Many people are plagued with knee pain and pain at just about every joint in their body. There are many medical reasons for this, but if you are feeling pain at the knees after starting a workout regime, poor technique in your lifts could be the culprit.
Working in a gym as a personal trainer, I see poor technique in lifts almost everyday. The technique flaws that I see are so small, normal people without a coaching eye would never notice. The most common flaw that I see occurs at the ankle when people do a variation of the squat.
It is a very subtle technique flaw, the arch of the ankle collapses inwards causing internal rotation of the shin and puts the knee in a compromised position when lifting. Internal rotation simply means your shin moves inwards and towards the middle of the body. This rotation of the shin when lifting can likely be the cause of knee and hip pain. The human body is an all encompassed and connected system. What happens at one end of the body can effect things further upstream.
How Can I Fix This?
The solution to this issue is to imagine your foot as a tripod. Keep an even distribution of weight on the three contact points at the bottom of your foot. The heel, big toe, and lateral side of the foot will be where you feel your weight distributed. Keeping an even weight distribution, imagine you are standing on a carpet and push the feet down and outwards to ‘tear the carpet apart’. This will create an outward corkscrew motion, but keep your feet in place.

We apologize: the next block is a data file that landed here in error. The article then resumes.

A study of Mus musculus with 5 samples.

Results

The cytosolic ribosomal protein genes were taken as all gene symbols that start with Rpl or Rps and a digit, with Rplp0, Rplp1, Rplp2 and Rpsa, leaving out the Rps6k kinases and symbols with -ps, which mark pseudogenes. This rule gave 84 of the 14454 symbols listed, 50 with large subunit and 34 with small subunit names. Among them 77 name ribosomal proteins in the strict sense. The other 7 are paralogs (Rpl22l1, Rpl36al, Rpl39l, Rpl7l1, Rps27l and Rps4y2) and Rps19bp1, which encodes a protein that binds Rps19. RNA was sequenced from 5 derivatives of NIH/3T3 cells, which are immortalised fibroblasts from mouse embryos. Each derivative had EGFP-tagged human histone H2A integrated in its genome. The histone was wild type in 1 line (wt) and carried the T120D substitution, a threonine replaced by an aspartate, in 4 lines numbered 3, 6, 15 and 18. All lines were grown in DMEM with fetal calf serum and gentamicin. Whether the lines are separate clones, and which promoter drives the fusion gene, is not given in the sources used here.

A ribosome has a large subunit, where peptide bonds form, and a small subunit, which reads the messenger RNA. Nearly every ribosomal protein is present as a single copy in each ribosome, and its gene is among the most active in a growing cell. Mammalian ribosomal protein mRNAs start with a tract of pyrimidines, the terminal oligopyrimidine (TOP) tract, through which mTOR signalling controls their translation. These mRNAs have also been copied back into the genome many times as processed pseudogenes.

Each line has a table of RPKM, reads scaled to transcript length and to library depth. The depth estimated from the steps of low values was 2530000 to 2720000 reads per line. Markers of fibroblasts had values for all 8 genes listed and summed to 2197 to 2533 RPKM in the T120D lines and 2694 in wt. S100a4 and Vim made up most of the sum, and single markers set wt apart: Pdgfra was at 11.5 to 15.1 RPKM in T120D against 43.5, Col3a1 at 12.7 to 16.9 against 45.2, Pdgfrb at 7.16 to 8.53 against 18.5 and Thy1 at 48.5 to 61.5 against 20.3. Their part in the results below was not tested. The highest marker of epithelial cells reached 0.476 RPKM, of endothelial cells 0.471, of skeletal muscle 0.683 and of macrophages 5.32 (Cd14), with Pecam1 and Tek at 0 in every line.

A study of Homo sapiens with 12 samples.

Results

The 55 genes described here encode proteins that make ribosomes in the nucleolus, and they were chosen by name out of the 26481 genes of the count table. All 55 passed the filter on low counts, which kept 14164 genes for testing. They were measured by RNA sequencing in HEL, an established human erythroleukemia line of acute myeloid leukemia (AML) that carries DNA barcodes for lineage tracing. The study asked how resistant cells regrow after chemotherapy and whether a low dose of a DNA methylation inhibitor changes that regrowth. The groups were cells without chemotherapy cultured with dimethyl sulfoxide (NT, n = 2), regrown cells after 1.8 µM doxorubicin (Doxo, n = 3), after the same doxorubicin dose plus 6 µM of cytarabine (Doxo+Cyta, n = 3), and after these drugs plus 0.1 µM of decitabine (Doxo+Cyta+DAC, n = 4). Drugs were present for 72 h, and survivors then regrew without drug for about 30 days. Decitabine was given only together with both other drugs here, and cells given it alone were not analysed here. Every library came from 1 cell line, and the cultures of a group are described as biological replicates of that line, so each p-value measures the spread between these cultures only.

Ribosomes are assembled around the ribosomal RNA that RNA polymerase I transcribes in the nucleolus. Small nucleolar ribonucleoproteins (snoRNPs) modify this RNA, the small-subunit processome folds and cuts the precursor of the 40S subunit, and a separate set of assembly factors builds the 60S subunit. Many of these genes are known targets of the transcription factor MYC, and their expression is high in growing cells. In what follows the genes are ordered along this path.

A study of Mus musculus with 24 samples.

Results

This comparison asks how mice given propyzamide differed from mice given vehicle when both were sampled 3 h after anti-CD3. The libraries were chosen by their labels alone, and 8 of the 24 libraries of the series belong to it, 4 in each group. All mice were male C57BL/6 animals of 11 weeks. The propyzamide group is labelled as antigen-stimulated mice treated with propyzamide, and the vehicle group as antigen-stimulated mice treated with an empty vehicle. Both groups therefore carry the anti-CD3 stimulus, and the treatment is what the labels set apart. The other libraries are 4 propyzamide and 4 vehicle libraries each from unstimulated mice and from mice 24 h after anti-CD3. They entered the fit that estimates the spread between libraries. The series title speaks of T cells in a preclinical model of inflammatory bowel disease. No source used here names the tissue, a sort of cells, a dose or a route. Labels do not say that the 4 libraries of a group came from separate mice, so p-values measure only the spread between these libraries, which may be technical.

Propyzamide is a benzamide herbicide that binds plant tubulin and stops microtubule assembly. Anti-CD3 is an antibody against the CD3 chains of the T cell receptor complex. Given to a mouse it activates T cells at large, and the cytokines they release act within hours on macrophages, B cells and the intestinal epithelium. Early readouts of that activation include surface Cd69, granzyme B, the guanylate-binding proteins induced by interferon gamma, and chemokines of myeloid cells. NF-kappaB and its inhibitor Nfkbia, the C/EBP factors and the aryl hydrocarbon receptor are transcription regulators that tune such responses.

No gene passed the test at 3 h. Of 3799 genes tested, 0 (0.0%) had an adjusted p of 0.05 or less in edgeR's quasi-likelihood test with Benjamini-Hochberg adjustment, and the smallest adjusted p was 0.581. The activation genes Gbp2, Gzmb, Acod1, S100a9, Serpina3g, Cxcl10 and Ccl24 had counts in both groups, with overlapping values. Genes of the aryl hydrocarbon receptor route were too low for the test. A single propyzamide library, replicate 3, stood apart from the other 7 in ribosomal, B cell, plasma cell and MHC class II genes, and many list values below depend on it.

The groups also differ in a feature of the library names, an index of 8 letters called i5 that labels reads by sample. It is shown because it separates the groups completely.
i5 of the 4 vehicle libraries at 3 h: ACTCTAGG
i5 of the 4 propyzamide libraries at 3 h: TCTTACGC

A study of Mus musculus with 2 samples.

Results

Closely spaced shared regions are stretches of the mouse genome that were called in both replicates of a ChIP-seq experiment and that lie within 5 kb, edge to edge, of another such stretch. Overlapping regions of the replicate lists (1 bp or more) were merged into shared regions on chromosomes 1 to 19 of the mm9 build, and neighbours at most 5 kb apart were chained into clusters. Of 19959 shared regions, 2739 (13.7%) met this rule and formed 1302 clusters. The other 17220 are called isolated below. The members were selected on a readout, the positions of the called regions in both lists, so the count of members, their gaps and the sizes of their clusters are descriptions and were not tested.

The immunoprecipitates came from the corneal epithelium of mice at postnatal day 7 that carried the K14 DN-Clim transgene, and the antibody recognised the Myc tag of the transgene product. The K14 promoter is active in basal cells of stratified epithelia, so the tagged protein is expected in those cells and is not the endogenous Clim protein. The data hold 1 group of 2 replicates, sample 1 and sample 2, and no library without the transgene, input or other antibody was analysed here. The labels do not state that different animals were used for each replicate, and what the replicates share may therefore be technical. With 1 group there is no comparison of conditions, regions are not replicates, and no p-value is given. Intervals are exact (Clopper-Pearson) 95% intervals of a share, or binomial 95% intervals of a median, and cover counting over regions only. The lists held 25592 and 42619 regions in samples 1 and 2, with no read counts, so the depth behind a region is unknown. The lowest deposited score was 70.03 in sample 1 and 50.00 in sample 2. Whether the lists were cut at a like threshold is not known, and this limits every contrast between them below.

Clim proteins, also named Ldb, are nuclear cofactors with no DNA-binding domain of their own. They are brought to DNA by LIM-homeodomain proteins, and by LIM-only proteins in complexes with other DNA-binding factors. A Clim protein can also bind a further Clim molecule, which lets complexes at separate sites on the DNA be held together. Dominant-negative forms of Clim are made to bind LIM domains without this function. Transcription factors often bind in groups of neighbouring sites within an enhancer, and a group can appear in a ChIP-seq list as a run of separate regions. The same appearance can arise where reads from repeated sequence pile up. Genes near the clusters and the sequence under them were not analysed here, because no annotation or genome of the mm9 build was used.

Doing this motion will engage your hips to turn outwards creating external rotation. This is the opposite of internal rotation which is what we do not want in the squat.
What it Should Look Like?
When this is done properly your feet will not collapse inwards when you perform a proper and safe squat. This will save the integrity of your knees and hips giving you a more efficient squat.
The next time that you are in the gym lifting, watch yourself in the mirror performing the squat. Stand face to face at the mirror to get a good view of the ankle and shins. Keep careful attention to the ankles. Are they collapsing inwards as you descend in the squat? If they are, try the tripod method and ‘rip the carpet apart’ as you descend into the squat on the next set. Observe, lift, analyze and repeat.
A Third Eye:
If you are still confused on what your ankles should look like, schedule a free one on one assessment so that a professional personal trainer can take a look and give you in-depth advice on how the mechanics of your lifts are looking.